When U.K. reporter Carole Cadwalladr attacked the "gods of Silicon Valley in a TED talk in Vancouver in April, it generated tremendous attention in the tech world.
Cadwalladr, who writes for the Guardian and the Observer, accused Facebook's Mark Zuckerberg and Sheryl Sandberg, Google's Larry Page and Sergey Brin, and Twitter's Jack Dorsey of overseeing companies that have helped authoritarian politicians around the world retain power.
"This technology that you have invented has been amazing but now it's a crime scene," Cadwalladr declared. "And you have the evidence. And it is not enough to say that you will do better in the future because to have any hope of stopping this from happening again, we have to know the truth."
Since then, this TED talk has attracted more than 2.2 million page views on the organization's website.
Now, Cadwalladr is facing a defamation suit not from the tech billionaires, but from British multimillionaire businessman Arron Banks.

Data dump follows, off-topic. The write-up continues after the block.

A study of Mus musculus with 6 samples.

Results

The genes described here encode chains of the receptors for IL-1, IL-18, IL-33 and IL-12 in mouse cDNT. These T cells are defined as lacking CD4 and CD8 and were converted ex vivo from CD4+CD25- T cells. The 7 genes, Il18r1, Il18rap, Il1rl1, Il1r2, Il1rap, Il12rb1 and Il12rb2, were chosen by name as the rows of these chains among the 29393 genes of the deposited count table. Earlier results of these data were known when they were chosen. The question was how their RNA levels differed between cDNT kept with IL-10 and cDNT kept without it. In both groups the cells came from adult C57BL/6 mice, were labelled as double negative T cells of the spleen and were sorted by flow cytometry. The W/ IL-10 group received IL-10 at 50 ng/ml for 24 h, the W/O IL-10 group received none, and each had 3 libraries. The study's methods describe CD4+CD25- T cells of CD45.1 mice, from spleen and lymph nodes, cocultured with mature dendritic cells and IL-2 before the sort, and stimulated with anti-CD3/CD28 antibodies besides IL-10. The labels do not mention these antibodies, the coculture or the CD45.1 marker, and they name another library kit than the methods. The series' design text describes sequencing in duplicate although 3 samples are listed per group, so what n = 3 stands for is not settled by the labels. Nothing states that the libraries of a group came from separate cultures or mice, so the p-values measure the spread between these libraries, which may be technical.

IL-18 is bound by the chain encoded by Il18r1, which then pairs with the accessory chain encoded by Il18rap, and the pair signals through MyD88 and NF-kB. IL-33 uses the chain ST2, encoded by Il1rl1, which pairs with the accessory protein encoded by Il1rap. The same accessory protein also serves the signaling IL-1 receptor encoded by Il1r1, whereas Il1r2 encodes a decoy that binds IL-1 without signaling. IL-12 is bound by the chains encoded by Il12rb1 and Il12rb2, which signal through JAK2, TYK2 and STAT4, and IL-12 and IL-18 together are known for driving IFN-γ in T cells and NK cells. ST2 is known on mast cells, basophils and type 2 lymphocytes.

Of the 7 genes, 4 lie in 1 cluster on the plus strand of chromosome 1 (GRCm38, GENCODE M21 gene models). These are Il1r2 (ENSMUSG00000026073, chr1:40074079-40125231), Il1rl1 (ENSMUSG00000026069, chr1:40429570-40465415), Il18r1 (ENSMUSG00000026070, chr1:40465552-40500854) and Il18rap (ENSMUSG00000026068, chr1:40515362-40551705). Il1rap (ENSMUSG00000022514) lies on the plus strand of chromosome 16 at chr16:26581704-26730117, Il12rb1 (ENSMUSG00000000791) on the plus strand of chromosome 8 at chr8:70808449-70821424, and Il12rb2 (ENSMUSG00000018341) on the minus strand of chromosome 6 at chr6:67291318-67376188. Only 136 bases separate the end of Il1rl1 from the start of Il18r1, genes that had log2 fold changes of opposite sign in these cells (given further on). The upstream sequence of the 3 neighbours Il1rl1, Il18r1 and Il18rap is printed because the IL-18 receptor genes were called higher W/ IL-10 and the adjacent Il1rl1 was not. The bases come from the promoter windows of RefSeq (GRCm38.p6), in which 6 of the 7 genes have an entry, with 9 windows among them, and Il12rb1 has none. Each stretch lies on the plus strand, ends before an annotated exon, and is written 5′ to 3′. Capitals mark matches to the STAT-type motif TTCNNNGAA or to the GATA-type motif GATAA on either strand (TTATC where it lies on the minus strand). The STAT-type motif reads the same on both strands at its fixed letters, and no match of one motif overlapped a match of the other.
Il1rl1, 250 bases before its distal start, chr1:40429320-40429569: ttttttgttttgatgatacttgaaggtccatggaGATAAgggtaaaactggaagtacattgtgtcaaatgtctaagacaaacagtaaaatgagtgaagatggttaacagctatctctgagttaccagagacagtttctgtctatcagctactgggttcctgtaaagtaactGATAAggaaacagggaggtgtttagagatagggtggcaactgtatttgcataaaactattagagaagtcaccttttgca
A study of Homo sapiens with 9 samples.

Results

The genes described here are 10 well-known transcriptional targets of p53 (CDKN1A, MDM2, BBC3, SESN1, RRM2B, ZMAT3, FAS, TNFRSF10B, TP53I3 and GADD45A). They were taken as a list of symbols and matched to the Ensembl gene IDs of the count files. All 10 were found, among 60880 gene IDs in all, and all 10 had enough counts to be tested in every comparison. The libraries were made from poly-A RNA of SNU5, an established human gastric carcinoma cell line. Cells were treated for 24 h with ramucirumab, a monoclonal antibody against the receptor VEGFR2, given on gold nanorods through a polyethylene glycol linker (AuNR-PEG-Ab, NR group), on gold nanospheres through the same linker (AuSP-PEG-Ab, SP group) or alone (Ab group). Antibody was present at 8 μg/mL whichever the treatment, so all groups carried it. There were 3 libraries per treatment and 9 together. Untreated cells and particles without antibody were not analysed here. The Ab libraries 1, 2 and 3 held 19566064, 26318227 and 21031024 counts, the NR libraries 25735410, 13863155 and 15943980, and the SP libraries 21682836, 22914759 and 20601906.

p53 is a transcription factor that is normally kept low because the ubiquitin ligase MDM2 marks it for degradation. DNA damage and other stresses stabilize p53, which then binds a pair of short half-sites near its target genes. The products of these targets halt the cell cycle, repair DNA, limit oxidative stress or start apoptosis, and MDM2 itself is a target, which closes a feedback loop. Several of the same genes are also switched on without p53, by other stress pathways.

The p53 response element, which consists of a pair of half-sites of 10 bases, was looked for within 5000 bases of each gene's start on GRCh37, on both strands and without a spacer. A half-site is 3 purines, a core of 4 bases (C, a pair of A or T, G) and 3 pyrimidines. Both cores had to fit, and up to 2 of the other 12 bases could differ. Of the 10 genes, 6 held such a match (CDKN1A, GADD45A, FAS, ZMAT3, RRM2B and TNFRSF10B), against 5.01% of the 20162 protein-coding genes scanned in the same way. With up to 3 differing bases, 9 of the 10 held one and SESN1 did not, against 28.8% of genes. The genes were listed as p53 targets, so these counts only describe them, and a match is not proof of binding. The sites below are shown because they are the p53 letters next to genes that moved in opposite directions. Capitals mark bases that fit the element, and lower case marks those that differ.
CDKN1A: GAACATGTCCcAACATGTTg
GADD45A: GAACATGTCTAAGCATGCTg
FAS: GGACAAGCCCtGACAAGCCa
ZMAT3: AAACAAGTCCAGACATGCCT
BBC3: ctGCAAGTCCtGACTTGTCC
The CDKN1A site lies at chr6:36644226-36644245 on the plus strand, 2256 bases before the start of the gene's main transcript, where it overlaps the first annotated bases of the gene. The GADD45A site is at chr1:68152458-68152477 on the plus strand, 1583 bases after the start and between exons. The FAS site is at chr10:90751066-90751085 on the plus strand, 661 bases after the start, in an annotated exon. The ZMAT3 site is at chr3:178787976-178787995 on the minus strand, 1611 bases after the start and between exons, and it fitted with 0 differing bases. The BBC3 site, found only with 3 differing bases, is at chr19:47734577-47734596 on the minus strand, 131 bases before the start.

He's alleged that Cadwalladr falsely called him a "liar" during her TED talk.
Banks, a vocal advocate for Britain's departure from the European Union, is suing her personally but he's not going after the organization that hosted the event.
Cadwalladr has alleged on her Twitter feed that Banks is using the court as a "blunt tool against journalism" to try to silence her.
None of the allegations by either side has been proven in court.
Earlier this year, Channel 4 in the U.K. disclosed that companies with links to Banks provided significant sums of money to former U.K. Independence Party leader Nigel Farage after he left the position.
This information was broadcast while Farage's new Brexit party was running candidates in the European Parliament elections.
Banks responded by calling it a "smear".
Farage, a friend of Donald Trump's, was re-elected to the European Parliament in May.